For the fifth year in a row and the eighth time ever, the Hillsdale College women’s cross country team qualified for the NCAA Division II Championships after taking second at the Midwest Regional in Cedarville, Ohio.
The team of girls that secured Hillsdale’s victory is young and learning as they run, head coach Andrew Towne said. In fact, four will be competing at the Nov. 18 championship race for the first time: three freshmen and sophomore Arena Lewis, who is a freshman “for all intents and purposes,” as health concerns cut down on her opportunities to race this year and last.
“It probably wasn’t as good of a performance as Nashville, but it was still solid,” Towne said. “I think we had more better races at Nashville, but it’s certainly not a letdown — this is probably our second best.”
Moving forward, the team’s biggest goal is to accomplish what they set out to achieve at the beginning of the season: get on the podium at the NCAA championships, he said.
The top seven runners from the G-MAC Championship meet in late October competed this past weekend. Senior Hannah McIntyre led Hillsdale, taking second overall with a time of 21:25.5, just six seconds behind Walsh’s Sarah Berger, this year’s regional champion.
“Hannah McIntyre was tremendous,” Towne said. “That was her best race of the year, she really put herself in a position to win.”
With two kilometers to go, it was just McIntyre and Berger, and as they ascended, Berger gapped her.
“She’s amazing,” McIntyre said. “This is her first year running cross, I think she has untapped levels of challenge.”
Overall, however, McIntyre said the race didn’t feel like a grind and she admitted she had fun.
Lewis placed ninth overall with a time of 21:54 and freshman Christina Sawyer placed 18th with a time of 22:02.
“Arena Lewis was solid, like she has been all championship season,” Towne said. “Christina Sawyer was great, along with Hannah, it was her most impressive performance.”
Sawyer said it was probably her best race this season, and a lot of things came together.
“I think I have a little more in me, hopefully at nationals I’ll be able to make an impact for the team more than I did this weekend,” she said.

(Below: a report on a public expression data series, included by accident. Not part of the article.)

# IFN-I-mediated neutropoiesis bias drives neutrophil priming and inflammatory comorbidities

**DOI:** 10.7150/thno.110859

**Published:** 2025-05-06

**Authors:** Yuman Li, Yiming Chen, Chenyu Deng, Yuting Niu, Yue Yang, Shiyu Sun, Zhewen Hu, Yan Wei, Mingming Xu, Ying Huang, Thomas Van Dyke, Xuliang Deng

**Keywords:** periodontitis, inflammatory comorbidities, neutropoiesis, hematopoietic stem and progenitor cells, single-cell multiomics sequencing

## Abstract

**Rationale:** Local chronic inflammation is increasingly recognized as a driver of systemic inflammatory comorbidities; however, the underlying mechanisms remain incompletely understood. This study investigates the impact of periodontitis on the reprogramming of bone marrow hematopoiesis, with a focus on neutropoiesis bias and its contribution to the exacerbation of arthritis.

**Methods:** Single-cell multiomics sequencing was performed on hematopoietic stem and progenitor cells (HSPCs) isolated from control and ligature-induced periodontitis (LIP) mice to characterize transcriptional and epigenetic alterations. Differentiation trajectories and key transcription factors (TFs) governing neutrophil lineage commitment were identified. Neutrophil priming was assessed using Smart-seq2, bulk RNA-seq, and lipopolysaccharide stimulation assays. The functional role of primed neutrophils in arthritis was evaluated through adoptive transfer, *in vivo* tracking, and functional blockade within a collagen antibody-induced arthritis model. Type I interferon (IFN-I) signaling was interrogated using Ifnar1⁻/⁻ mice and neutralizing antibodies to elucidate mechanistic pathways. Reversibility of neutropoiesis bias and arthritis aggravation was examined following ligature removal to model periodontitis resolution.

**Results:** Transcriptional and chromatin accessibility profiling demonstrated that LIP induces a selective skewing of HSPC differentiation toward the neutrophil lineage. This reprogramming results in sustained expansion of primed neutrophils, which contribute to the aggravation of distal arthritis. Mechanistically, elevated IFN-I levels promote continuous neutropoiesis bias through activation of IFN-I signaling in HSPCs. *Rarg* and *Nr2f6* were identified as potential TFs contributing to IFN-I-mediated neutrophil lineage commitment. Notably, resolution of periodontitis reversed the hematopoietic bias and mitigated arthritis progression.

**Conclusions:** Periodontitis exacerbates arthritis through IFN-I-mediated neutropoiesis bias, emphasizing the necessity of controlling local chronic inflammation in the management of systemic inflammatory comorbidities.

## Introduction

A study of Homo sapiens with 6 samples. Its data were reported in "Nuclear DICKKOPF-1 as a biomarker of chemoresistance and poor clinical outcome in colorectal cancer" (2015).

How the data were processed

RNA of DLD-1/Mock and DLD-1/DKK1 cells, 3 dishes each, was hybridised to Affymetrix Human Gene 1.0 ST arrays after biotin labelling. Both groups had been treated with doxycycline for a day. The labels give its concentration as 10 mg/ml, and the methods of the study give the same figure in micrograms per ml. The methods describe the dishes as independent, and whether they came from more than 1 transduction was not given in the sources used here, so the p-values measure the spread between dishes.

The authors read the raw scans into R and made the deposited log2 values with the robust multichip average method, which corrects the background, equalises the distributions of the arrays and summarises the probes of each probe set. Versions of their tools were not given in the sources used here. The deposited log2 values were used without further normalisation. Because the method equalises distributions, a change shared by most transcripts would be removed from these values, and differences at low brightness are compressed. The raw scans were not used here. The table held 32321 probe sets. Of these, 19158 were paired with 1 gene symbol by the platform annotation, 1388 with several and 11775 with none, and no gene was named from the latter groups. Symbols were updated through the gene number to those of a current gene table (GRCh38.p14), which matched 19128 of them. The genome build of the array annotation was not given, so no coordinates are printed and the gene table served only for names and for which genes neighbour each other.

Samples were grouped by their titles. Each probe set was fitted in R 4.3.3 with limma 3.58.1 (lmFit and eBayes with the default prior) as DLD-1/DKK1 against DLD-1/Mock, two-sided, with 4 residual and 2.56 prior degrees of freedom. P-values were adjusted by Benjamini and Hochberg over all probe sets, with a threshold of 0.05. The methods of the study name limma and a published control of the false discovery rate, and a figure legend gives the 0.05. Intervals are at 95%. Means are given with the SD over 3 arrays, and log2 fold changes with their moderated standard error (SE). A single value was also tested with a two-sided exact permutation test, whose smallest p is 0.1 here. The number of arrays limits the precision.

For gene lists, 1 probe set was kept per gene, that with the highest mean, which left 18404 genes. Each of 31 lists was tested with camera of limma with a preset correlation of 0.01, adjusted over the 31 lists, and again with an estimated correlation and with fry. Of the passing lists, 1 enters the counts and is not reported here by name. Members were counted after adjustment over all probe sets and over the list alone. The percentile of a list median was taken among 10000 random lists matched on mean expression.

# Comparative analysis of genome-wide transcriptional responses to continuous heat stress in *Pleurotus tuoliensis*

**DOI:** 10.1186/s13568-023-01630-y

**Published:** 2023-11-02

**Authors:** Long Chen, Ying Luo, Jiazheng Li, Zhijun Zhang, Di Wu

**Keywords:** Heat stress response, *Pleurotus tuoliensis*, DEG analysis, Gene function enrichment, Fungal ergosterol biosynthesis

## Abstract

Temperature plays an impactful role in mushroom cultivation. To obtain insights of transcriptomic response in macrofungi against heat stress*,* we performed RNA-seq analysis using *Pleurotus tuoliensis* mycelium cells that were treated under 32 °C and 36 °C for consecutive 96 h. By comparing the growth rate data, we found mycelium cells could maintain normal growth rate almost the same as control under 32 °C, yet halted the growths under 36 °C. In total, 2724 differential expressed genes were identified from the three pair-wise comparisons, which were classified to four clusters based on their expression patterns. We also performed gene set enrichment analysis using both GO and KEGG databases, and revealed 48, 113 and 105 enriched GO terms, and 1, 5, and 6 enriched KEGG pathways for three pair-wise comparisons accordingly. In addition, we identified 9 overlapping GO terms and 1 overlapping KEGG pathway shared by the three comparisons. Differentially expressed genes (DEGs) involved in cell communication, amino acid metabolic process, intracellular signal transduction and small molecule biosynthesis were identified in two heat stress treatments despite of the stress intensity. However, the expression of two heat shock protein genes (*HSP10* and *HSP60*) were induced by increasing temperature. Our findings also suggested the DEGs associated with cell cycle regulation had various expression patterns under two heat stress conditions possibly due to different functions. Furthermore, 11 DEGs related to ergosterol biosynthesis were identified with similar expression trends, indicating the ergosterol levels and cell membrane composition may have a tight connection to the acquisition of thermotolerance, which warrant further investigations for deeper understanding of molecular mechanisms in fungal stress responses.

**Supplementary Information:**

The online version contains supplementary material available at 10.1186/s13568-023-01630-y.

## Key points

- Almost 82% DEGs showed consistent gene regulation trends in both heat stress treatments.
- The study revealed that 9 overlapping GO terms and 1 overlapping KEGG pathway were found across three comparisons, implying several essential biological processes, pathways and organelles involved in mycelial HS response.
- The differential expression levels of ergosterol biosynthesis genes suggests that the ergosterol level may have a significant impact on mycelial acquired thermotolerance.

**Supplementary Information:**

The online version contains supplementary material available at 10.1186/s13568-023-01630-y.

Sawyer said the younger team members are looking to the upperclassmen for racing wisdom and mental preparation going into nationals.
“It’s going to be exciting, it’s awesome we have so many younger people — that means when people graduate, the team will still be strong,” she said.
Freshman Maryssa Depies finished 24th overall in 22:14 and junior Allysen Eads right behind her in 28th with a time of 22:29.4.
Over the last four to five years, Towne said Hillsdale has been gaining a national reputation as a team to watch. Other Midwestern teams, such as Grand Valley State University and Walsh, also factor into the national, not just regional, conversation, which is one of the strengths of the Midwest region, Towne said.
This year, the top three teams from each of the eight regions automatically qualify for nationals. From there, eight teams are chosen at-large in a straight-line comparison of teams based on their overall regional ranking.
This means that nationally, how a team compares could be different from how it compares regionally, since it could be ranked low regionally but high nationally, or vice versa. Traditionally, the strongest regions are the Midwest and South-Central regions, the latter including the Rocky Mountain Athletic Conference, which Towne said has strong runners because they are used to altitude running.
Preparing for nationals, Towne said it’s important for the girls to realize that no matter who the women see in front of them, they have to move forward and never accept who is in front.
“That’s important going into nationals because everyone is in your way,” Towne said. “We need to go in and focus on ourselves because if we put everything together we’re as good as anybody.”
There is one reason McIntyre can point to for the team’s success this season.
“The whole team has run really well all season, and one of the reasons for that is that we’re laughing on the starting line,” McIntyre said. “We’re having fun: Almost right until the gun goes off, we’re making jokes, having fun, and treating each meet like just another race. If you build it up in your head, that’s not helpful.”
Going forward, it’s just a matter of continuing what the team has done all season, she said. This includes their pre-run chant, which used to be “1-2-3-Chargers!” but inexplicably changed to “It’s pizza time.”’
“I think this is really what made a difference,” McIntyre said. “Nobody knows what it means, and yet we all know what it means — and it’s a real metaphysical problem.”